Tuesday, June 05, 2012


St Mary Woolnoth is the smallest and oddest of Nicholas Hawksmoor’s London churches. It is comparable in a way to St George’s Bloomsbury, in that both are built on small, irregular sites in the middle of the city. But where St George’s baffles through its surfeit of competing styles, bizarre accoutrements and incongruous Hanoverian iconography, St Mary Woolnoth is compelling because of its coherence.

Its design, both inside and out, is utterly original: peculiar, punky, brutal (one is tempted to say brutal-ist). Hawksmoor takes the towers of the Stepney churches, beheads them so that they become squat little boxes with balustrades for tops (the effect is a little like the joke where a grown man puts shoes on his knees) and places them on top of an entablature. The entablature lies on a set of Corinthian columns, and these are separated (by a coffin-like podium with three punched-out windows) from the severely rusticated doorway. 

I should point out here that I have described it upside-down, for no eye would ever start at the top and work downwards. The violently horizontal grooves which inscribe the west front (including two wonderfully modern Tuscan columns and the steps leading up to the door) gives the impression that the building is broader than it is, and also shorter. This is apt, given the tiny plot which Hawksmoor had to work with. It lurches at you, twitching aggressively at you like an animal on a lead, so that you are afraid to turn away from it. Keep your eyes down, don’t look up.

So far, so wild. The interior is something else altogether, and of course it gains something from being so perilously close to, yet cloistered from, the Royal Exchange and the Bank and the Mansion House and the cars and buses that hurtle across the intersection of so many roads. Close the doors once you’re inside and hope nobody disturbs you. Now you can look up – and you will quickly discover you are in a cube within a cube.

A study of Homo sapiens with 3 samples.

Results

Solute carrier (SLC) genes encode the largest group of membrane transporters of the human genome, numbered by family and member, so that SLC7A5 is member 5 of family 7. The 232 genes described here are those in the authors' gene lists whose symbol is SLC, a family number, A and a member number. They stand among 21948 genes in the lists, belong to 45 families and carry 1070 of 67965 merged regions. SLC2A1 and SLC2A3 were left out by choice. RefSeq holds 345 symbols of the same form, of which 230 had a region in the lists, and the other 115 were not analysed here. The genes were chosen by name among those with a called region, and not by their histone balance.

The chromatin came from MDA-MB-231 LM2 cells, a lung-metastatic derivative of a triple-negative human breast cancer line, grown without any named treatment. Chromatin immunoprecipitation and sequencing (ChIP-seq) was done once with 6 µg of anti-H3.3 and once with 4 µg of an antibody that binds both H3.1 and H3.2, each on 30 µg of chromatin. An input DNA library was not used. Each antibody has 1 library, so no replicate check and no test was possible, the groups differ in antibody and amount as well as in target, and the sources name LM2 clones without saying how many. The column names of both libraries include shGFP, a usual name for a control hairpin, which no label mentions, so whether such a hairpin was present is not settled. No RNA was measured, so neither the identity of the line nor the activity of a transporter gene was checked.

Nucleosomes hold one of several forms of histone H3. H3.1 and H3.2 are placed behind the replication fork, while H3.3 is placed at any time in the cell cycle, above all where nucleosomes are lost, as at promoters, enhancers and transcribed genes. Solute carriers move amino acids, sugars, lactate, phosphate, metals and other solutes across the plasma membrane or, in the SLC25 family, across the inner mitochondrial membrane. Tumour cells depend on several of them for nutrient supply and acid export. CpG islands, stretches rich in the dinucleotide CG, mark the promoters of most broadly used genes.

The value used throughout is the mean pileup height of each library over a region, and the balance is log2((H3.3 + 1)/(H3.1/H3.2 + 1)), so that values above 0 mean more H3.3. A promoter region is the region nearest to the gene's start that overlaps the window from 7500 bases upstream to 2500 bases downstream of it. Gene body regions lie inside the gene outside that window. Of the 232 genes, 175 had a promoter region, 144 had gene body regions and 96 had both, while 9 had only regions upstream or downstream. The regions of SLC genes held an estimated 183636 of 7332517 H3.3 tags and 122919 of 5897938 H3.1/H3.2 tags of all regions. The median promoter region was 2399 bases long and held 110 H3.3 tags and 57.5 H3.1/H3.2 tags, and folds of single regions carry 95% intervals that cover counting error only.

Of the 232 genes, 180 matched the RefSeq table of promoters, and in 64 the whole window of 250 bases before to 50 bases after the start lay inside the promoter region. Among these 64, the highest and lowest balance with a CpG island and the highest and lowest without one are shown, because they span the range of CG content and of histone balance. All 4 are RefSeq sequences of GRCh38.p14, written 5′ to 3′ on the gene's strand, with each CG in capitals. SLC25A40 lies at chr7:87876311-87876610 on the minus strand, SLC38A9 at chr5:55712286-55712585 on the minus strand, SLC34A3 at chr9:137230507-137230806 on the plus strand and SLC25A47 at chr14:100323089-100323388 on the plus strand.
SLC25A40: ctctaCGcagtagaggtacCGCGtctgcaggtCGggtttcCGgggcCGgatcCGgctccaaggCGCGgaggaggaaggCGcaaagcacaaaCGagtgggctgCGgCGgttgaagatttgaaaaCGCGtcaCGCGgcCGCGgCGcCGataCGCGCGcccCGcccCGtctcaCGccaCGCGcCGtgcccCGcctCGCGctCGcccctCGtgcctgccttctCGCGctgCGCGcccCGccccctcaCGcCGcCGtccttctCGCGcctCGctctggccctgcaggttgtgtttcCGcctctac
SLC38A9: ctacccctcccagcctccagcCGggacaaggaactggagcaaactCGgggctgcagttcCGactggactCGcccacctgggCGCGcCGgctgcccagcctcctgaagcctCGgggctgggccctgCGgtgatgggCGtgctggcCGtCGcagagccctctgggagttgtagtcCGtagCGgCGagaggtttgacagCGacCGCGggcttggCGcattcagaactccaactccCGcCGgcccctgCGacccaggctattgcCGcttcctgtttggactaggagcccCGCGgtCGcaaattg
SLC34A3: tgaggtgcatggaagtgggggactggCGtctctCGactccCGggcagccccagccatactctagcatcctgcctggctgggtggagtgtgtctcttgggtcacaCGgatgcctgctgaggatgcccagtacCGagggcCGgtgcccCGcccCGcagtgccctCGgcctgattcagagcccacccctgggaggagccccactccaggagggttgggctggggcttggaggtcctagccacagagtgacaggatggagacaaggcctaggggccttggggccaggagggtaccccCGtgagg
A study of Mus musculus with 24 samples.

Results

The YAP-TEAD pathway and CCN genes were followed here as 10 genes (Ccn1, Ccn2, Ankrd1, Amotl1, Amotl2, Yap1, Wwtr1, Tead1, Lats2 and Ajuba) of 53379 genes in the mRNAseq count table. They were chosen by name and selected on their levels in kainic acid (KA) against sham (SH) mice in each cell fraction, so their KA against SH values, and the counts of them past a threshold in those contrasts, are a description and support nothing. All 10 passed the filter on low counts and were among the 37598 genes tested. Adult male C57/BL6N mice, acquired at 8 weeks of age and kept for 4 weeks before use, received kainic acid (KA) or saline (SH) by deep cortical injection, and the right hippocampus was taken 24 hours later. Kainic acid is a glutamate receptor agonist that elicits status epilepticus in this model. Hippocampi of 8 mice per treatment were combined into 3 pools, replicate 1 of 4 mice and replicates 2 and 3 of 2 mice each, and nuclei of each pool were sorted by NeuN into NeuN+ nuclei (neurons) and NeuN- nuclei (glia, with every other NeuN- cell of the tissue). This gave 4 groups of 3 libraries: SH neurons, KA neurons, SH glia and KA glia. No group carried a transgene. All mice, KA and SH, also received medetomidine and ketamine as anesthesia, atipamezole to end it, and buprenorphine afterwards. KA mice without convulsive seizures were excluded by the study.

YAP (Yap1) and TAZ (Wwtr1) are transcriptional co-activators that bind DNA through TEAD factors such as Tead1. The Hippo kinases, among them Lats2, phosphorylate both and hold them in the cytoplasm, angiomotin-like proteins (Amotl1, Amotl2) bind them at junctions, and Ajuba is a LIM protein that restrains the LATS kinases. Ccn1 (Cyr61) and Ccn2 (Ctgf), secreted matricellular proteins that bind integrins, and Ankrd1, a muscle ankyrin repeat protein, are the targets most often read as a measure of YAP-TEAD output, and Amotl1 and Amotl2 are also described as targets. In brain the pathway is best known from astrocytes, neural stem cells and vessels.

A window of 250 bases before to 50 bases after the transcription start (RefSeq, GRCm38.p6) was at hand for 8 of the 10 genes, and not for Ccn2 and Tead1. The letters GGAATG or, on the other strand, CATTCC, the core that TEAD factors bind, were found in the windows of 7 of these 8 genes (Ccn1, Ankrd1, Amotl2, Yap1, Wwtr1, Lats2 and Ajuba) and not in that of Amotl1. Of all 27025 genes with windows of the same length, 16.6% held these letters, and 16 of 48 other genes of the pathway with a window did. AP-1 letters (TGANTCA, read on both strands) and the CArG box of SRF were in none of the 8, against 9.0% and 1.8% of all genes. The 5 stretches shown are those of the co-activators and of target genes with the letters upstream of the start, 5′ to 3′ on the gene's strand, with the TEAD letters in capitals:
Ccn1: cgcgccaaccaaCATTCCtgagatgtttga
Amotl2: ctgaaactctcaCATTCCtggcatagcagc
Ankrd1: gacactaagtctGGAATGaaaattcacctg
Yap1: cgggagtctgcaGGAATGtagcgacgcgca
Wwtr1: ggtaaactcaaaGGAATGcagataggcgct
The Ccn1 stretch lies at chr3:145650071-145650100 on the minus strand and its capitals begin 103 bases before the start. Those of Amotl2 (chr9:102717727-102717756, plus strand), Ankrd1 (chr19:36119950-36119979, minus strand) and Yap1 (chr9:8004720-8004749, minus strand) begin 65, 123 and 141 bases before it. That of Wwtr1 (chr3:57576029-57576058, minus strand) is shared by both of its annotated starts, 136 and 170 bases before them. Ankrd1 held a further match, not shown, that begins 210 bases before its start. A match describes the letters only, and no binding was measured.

The inner cube has three deliciously white Corinthian columns at each corner, supporting a rich entablature which, as Ian Nairn points out, projects forward slightly at the corners. A subtle shift, but one which accentuates the squareness of the square, and the brilliance of the light shining through the semi-circular windows above. Around the perimeter of the outer cube, bits and pieces scattered out of sight, inviting you to explore: two organs (only one operational), the intricately carved reredos and the almost obscenely twisting columns at the altar, various monuments and dedications, and a tribute to Eliot (or rather, his tribute to the church). Happy exploring – but you will be drawn back to the inner cube before too long.

These are generalities. I haven’t mentioned the details: the niches on Lombard Street with their columns placed on the diagonal, the little door marked “vestry” (how is there possibly room for one?), and (the cherry on the top) the teller over the pulpit whose shape echoes the ceiling. It’s details like these that get under your skin. I have fallen asleep thinking about this place, and I have woken up thinking about it. You may laugh, but that’s how it is. Nairn writes that “the real focus of the church is yourself, wherever you are standing. If the Saint Chapelle or Die Wies transports outwards, this forces inwards, quintessentially Protestant. You are forced in through yourself, and this is not a romantic view but the strictest spatial analysis.” So perhaps that explains it.